Abstracts – Browse Results

Search or browse again.

Click on the titles below to expand the information about each abstract.
Viewing 11 results ...

Alzoubi, Y, Locatelli, G and Sainati, T (2024) The ugly side of construction: modern slavery in the 2022 FIFA World Cup program. Construction Management and Economics, 42(05), 412–30.

Bridgeman, J and Loosemore, M (2024) Evaluating social procurement: a theoretically informed and methodologically robust social return on investment (SROI) analysis of a construction training initiative developed to reduce the risk of youth homelessness in Wales. Construction Management and Economics, 42(05), 387–411.

Chiu, L F, Lowe, R, Raslan, R, Altamirano-Medina, H and Wingfield, J (2014) A socio-technical approach to post-occupancy evaluation: interactive adaptability in domestic retrofit. Building Research & Information, 42(05), 574-90.

Dell’Anna, F, Berta, M, Bottero, M, Mallia, G and Morgese, V (2024) Multicriteria-decision support for master plan scheduling: urban regeneration of an industrial area in Northern Italy. Construction Management and Economics, 42(05), 476–501.

Forcada, N, Macarulla, M, Gangolells, M and Casals, M (2014) Assessment of construction defects in residential buildings in Spain. Building Research & Information, 42(05), 629-40.

Görsch, C, Seppänen, O, Peltokorpi, A and Lavikka, R (2024) Task planning and control in construction: revealing workers as early and late planners. Construction Management and Economics, 42(05), 431–50.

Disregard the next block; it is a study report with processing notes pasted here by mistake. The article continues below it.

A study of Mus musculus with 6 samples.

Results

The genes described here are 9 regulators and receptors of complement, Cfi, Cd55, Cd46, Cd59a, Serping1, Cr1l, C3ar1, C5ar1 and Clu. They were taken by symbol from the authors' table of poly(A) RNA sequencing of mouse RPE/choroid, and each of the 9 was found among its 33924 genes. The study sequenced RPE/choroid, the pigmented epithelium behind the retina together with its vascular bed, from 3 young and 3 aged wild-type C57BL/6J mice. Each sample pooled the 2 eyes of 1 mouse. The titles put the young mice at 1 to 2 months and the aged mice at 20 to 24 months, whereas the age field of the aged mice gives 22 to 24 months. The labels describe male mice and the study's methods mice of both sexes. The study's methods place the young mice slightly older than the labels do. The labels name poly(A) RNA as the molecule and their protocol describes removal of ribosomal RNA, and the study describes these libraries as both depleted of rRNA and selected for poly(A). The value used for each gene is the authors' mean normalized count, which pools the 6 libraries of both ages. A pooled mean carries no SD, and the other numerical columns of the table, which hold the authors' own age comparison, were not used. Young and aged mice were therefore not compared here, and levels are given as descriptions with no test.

Hedayati, M, Iyer-Raniga, U and Crossin, E (2014) A greenhouse gas assessment of a stadium in Australia. Building Research & Information, 42(05), 602-15.

Hojem, T S M, Sørensen, K H and Lagesen, V A (2014) Designing a ‘green’ building: expanding ambitions through social learning. Building Research & Information, 42(05), 591-601.

Hu, Y and Dossick, C S (2024) Decoding the dynamics of BIM use practice in construction projects. Construction Management and Economics, 42(05), 451–75.

  • Type: Journal Article
  • Keywords: Building information modeling; structuration theory; technology-in-practice; practice lens;
  • ISBN/ISSN: 0144-6193
  • URL: https://doi.org/10.1080/01446193.2023.2277925
  • Abstract:
    Over the past two decades, thought leaders positioned Building Information Modeling (BIM) as a driver to change the Architecture, Engineering, and Construction (AEC) industry. However, instances of unexpected BIM use have surfaced, with projects often shifting from BIM to hybrid or even solely 2D practices midway. What technology use conditions cause these practice-based rejections of BIM use and how these happen have not been fully explored and make BIM cannot fully play its role in a project. To fill this gap, we use structuration theory as a theoretical lens to analyze the interactions between BIM and project teams and explore how three technology use conditions, (interpretive, technological, and institutional), impact the interactions, which finally shape technology use practices. Specifically, a case study method has been selected. The research team attended a project for two years, collected meeting observations, and conducted surveys and interviews to track the emergent and situated BIM use practice in an integrated project setting with technology use conditions that changed over the course of the project. We analyzed how the three technology use conditions impacted the interactions between BIM and project teams in different ways and how these impacted change in different project phases. We conclude that the sustained use of BIM requires the alignment of project organizations with BIM features and alignment with both top-down and bottom-up investment in practice change, which includes motivation for senior management investment in a sustained project team, in individual capability training, and in early planning.

Pivo, G (2014) Unequal access to energy efficiency in US multifamily rental housing: opportunities to improve. Building Research & Information, 42(05), 551-73.

Sporrong, J and Kadefors, A (2014) Municipal consultancy procurement: new roles and practices. Building Research & Information, 42(05), 616-28.